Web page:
The Consumer Electronics Show (CES) has been running for a staggering 48 years and has seen the debut of some of the world’s most game-changing technologies. Here’s our pick of the best.
1. VCR (1967)
The original is so often the best, and that’s true of CES as well. The VCR may not be the most influential piece of tech ever invented, but it was the first step toward the home entertainment revolution that has resulted in today’s video streaming. New products respond to consumer demand, and the VCR whetted the public’s appetite for watching what they wanted, when they wanted – the first time they could break away from the almighty TV schedule.
2. Nintendo Entertainment System (NES) (1985)
An entirely new industry was born the year Nintendo showed up at CES with its NES gaming system. Although an earlier console, called the Famicom, had been available in Japan since 1983, the NES was the first to debut in the US, with game characters that are still recognisable today – like Super Mario and Donkey Kong – and generating what would become a multi-billion dollar global industry.
3. DVD (1996) vs Blu-Ray Disc (2003)
Almost 30 years after VHS, a host of tech firms collaborated to produce the DVD. Holding reams more data than either videotapes or CDs, DVDs were a huge leap forward and looked all set to dominate until Blu-Ray emerged seven years later. Although DVD-backers were touting HD DVD, Blu-Ray’s unexpected arrival split the tech world down the middle, in favour of one or the other high definition format. It remains to be seen which format will be able to support ultra-high-def or 4K viewing.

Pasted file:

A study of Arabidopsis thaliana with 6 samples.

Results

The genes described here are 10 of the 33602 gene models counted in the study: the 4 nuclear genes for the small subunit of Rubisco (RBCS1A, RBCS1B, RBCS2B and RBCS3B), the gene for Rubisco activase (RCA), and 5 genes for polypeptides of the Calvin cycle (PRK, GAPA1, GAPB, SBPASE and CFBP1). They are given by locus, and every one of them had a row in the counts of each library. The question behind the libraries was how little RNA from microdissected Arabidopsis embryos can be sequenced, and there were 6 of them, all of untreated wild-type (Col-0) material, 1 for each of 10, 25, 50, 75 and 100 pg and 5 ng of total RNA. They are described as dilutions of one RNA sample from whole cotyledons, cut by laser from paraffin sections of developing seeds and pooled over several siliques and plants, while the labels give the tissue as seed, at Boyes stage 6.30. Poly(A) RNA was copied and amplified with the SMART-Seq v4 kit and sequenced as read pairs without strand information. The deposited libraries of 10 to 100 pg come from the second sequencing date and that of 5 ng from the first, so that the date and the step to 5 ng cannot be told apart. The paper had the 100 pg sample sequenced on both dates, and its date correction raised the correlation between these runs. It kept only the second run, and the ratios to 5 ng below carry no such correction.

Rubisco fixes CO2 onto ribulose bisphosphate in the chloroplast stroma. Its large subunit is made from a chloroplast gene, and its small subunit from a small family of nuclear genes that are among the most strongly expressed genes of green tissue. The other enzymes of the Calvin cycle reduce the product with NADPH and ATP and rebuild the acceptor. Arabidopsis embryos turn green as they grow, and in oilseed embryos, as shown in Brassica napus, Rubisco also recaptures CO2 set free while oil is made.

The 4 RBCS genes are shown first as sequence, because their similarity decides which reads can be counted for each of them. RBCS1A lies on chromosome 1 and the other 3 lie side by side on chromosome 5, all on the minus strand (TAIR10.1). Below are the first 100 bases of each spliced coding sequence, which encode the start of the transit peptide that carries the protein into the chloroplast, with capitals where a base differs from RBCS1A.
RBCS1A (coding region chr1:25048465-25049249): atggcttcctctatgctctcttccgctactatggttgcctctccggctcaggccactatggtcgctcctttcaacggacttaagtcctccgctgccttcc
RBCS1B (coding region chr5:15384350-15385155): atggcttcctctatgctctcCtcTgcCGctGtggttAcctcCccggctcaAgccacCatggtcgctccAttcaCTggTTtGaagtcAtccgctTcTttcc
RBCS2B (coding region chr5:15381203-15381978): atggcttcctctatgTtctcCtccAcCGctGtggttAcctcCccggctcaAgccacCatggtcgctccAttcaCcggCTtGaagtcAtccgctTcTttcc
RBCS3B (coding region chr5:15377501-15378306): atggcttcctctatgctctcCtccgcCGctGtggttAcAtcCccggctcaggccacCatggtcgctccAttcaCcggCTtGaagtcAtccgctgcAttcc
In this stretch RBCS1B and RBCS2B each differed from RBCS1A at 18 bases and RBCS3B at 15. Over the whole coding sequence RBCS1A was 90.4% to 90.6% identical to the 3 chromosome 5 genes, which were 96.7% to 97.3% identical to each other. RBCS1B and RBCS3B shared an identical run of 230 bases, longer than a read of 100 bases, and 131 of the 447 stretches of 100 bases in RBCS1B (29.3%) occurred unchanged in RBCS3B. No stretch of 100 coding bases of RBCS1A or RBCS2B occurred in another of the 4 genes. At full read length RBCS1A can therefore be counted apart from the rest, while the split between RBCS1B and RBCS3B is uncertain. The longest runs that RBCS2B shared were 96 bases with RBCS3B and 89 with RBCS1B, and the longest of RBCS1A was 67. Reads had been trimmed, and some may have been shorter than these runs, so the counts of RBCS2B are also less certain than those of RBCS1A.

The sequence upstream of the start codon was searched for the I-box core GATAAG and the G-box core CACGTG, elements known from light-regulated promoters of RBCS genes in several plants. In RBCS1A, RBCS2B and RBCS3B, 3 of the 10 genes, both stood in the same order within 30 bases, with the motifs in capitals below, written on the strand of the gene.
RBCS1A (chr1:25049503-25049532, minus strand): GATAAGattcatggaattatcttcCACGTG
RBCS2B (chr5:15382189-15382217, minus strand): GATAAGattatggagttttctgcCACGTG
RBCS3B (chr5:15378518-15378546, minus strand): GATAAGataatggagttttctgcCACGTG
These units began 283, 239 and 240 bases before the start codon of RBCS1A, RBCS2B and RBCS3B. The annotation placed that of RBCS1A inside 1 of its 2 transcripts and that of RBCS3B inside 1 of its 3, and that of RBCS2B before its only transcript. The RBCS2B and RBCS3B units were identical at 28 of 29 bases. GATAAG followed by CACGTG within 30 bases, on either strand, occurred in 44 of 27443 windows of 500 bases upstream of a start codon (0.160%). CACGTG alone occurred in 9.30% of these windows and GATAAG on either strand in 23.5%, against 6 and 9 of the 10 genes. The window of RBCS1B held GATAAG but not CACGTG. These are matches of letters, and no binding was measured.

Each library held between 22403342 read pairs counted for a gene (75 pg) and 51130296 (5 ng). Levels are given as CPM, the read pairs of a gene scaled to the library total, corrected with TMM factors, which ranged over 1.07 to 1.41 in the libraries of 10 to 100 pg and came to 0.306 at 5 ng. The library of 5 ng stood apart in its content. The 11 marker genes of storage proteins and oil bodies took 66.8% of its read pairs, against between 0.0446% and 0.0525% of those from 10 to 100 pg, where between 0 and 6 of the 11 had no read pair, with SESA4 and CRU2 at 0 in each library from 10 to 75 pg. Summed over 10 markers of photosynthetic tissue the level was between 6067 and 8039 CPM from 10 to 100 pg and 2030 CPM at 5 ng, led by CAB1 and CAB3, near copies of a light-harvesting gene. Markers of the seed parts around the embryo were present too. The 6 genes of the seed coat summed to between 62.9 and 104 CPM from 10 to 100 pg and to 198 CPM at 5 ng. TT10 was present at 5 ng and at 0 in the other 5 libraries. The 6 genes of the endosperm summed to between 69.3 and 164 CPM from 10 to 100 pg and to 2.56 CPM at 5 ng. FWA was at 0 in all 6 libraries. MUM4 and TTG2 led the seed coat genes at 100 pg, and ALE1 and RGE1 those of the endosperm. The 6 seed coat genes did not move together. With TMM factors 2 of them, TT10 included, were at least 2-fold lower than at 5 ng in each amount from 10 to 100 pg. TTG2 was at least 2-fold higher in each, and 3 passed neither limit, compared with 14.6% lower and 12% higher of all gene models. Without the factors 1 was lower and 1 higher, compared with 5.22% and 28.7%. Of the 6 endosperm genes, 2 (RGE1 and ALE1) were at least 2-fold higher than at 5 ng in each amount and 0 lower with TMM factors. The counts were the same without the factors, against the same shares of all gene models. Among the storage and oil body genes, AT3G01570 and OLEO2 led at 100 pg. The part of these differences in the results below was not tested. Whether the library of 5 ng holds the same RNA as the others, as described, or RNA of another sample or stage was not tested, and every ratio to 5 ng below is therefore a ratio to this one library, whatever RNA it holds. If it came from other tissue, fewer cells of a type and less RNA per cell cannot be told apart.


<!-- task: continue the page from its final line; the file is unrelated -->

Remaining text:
4. Tablets (2010)
The uptake in tablet computers has been phenomenal since Apple first popularised the consumer device following it’s debut at CES five years ago. It may have looked like there wasn’t a niche between smartphones and laptops for tablets to slot into, but many manufacturers have proven the naysayers wrong with inventive operating systems, app stores and the explosion in video-streaming services. View Lenovo’s range of ThinkPad’s here.
5. Ultrabooks (2012)
Just when it looked like the laptop might be dead, Intel issued a rallying cry and got together with manufacturers to tout ultrabooks – lightweight, high spec machines that could grab consumers’ attention away from tablets and smartphones. The move proved that laptops still had something to offer, helping to foster a storm of innovation, including hybrids and touchscreen computing. Nowadays, you can purchase Intel Ultrabooks and 2-in-1 devices from Lenovo.
The ground breaking gadgets launched at CES have changed the way we live and work. At CES 2015 Lenovo will reveal it’s 100 millionth ThinkPad unit.